For 63 years the body of James Austin Sisney lay on a remote Pacific island, visited only by the natives who live near the mountain where the Redwood City man's Marine bomber crashed during World War II.

Sisney and six other crew members died April 22, 1944, when their twin-engine plane slammed into a cliff face during a night training mission above Espiritu Santo, the largest island in the South Pacific archipelago now known as Vanuatu.

That information never reached the men's loved ones, however. A military report on the crash disappeared amid the confusion of war, and the whereabouts of the plane became a mystery. Some families thought it had gone down in the ocean. They didn't learn the truth until several years ago, when a persistent relative of one of the crew members discovered the crash site.

As a result of that endeavor, Tech. Sgt. Sisney will return this week to the country he died protecting. A portion of his remains will be buried Friday with full military honors at Golden Gate National Cemetery in San Bruno. A ceremony for the entire crew will take place in October at Arlington National Cemetery in Virginia.

"I guess you could say it's a little bit of closure," said Robert Sisney Jr., of Sunnyvale, the man's nephew and one of a handful of surviving relatives. He, his sister and half-sister will greet their uncle's flag-draped coffin Thursday at San Francisco International Airport.

Robert Sisney Jr., 48, doesn't know much about his uncle, who died two decades before he was born. Robert's father, who was James' only sibling, was a man of few words and he didn't volunteer information about the war.

Robert, a construction worker, said James Sisney spent the first years of his life in Livermore. The family later moved to Redwood City, and James graduated from Sequoia High School in 1942.

Marguerite Richardson, 88, was a member of that graduating class. She remembers him as a tall, quiet redhead.

"Not in any trouble," Richardson said. "Just did his work."

James joined the Marines in December 1942 at age 17. He was sent to the Pacific theater, where he became part of a bombing squadron known as the Seahorse Marines.

He was just 19 when his PBJ-1D, a version of the B-25 bomber, failed to clear the summit of a mountain that rises more than 3,000 feet above the idyllic beaches of Espiritu Santo.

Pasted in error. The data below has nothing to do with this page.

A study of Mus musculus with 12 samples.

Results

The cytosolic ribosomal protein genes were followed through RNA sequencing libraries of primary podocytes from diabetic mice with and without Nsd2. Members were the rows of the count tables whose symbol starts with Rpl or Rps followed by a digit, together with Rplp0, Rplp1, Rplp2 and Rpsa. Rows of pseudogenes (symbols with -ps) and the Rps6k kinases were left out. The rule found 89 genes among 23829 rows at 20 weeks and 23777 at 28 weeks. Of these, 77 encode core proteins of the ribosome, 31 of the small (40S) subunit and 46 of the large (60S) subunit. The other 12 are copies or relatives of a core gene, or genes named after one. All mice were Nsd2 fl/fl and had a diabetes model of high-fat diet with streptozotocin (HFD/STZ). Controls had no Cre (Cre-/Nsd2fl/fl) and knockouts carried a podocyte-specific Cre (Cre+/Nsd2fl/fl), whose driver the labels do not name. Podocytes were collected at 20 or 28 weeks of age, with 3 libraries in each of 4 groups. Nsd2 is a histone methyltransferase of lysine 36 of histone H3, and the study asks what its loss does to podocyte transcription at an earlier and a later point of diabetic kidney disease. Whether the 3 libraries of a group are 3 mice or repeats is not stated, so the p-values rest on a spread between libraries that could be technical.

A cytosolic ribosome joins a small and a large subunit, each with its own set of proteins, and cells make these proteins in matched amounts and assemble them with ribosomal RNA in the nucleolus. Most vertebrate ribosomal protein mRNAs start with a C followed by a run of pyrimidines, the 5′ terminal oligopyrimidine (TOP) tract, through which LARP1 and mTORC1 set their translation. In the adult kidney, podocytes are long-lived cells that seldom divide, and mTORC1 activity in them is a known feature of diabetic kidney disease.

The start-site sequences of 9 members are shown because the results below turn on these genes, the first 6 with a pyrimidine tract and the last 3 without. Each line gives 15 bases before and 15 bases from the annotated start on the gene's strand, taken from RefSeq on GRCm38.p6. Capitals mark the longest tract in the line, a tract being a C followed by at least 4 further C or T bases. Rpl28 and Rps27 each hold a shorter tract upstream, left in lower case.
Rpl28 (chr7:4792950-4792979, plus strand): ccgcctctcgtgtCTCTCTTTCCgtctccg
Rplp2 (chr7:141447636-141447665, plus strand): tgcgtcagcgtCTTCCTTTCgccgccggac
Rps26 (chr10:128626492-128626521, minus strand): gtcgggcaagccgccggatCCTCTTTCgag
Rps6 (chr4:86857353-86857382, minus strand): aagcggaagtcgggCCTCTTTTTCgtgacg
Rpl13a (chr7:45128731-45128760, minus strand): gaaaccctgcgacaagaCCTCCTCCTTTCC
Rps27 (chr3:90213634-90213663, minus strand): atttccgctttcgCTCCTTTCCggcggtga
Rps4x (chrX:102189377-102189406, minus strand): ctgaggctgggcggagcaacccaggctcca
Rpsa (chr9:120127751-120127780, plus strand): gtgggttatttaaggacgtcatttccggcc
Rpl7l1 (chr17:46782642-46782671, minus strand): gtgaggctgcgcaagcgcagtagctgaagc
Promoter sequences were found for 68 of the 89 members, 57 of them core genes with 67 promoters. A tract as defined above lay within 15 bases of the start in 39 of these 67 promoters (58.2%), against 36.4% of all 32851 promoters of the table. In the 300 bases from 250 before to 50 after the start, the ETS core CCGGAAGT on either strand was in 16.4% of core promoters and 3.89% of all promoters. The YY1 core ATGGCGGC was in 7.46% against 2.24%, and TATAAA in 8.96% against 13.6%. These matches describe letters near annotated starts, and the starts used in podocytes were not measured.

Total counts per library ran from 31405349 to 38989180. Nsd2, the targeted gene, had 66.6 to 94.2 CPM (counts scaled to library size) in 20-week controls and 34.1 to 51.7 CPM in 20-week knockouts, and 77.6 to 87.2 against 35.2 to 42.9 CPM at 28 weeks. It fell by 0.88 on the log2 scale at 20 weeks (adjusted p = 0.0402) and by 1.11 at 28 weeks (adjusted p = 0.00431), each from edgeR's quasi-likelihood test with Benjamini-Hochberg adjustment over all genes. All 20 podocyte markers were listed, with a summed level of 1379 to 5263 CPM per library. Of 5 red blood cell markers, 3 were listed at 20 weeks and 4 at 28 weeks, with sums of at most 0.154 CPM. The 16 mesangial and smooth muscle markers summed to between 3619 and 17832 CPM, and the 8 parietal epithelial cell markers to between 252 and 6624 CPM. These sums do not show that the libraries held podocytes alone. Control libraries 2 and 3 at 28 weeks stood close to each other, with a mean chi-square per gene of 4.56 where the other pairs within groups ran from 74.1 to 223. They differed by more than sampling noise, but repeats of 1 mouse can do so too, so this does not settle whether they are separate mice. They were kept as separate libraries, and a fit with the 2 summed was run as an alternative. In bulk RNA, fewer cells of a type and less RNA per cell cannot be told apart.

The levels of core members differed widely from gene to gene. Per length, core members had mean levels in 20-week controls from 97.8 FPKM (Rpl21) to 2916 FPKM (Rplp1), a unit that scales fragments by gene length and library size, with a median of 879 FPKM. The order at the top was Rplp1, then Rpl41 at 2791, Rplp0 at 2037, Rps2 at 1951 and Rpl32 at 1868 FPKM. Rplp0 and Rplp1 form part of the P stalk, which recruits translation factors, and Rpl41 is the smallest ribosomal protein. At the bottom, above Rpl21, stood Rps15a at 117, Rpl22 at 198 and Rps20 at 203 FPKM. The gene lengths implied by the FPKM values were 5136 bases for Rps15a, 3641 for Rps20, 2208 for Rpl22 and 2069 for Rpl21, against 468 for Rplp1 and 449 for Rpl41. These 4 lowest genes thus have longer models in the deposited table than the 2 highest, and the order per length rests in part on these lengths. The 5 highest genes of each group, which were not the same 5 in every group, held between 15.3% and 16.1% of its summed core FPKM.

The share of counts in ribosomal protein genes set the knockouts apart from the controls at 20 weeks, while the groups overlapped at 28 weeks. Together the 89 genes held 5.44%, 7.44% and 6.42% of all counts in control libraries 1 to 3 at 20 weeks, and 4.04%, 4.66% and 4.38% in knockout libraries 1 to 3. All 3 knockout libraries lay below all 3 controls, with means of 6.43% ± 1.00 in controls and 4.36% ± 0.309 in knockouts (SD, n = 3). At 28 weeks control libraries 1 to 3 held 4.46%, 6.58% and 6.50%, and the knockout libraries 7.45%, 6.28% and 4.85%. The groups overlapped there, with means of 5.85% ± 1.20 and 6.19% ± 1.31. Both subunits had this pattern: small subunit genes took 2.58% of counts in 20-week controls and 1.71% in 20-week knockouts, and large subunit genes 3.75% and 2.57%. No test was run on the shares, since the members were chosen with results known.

Maj. John Palmer, commander of the aircraft group, learned of the wreckage a month later. He and a team of men, guided by natives, made the arduous hike up the steep, tangled mountainside to examine the plane.

"It obviously exploded upon impact, instantly killing all personnel, and then burned," Palmer wrote in the report, unearthed more than a decade ago by a former Marine pilot, Dan Bookout. The team found human remains and buried them near the wreckage, which over the years was engulfed by the jungle and forgotten by all but the natives, for whom the wreck remained a piece of local lore.

That's how it stayed until 2007, when a Texas man, Craig Anderson, and his wife, Kim, clawed up the mountain with their daughter and son-in-law and a handful of native men.

Craig Anderson had begun researching Kim's late uncle, 2nd Lt. Walter B. Vincent Jr., in 2005. He eventually tracked down Bookout, who had come across the bomber that carried both Sisney and Vincent while investigating a different crash in the area.

"I remember thinking, if I was to find the location of this plane, I'd just have to look at it," Craig recalled.

That determination yielded the exhilarating moment in early June 2007 when the Andersons glimpsed a rusty propeller sticking out of the underbrush. Identifying numbers on the plane proved they had found the resting place of Vincent, Sisney and their comrades.

When they returned, they contacted the Joint POW/MIA Accounting Command in Hawaii, the military outfit responsible for tracking down missing servicemen and -women. The command excavated the site, and DNA samples confirmed the identities of the crew.

James Sisney will receive his long-overdue honors beginning Thursday when a group of Patriot Guard Riders escort his casket -- containing a uniform, medals and two pieces of his right arm -- from the airport to a Sunnyvale mortuary.

On Friday he will be interred at Golden Gate National Cemetery underneath a headstone he received after he was reported missing in action and presumed dead.

Robert said his father, who learned the truth about his brother's death shortly before he passed away in 2010, would have been bothered by the pomp and circumstance. But Robert is grateful for the support his family has gotten -- from veterans and their kin, from the military, and from the riders.

"It makes me feel real good," he said, "proud to be American."

Contact Aaron Kinney at 650-348-4357. Follow him at Twitter.com/kinneytimes.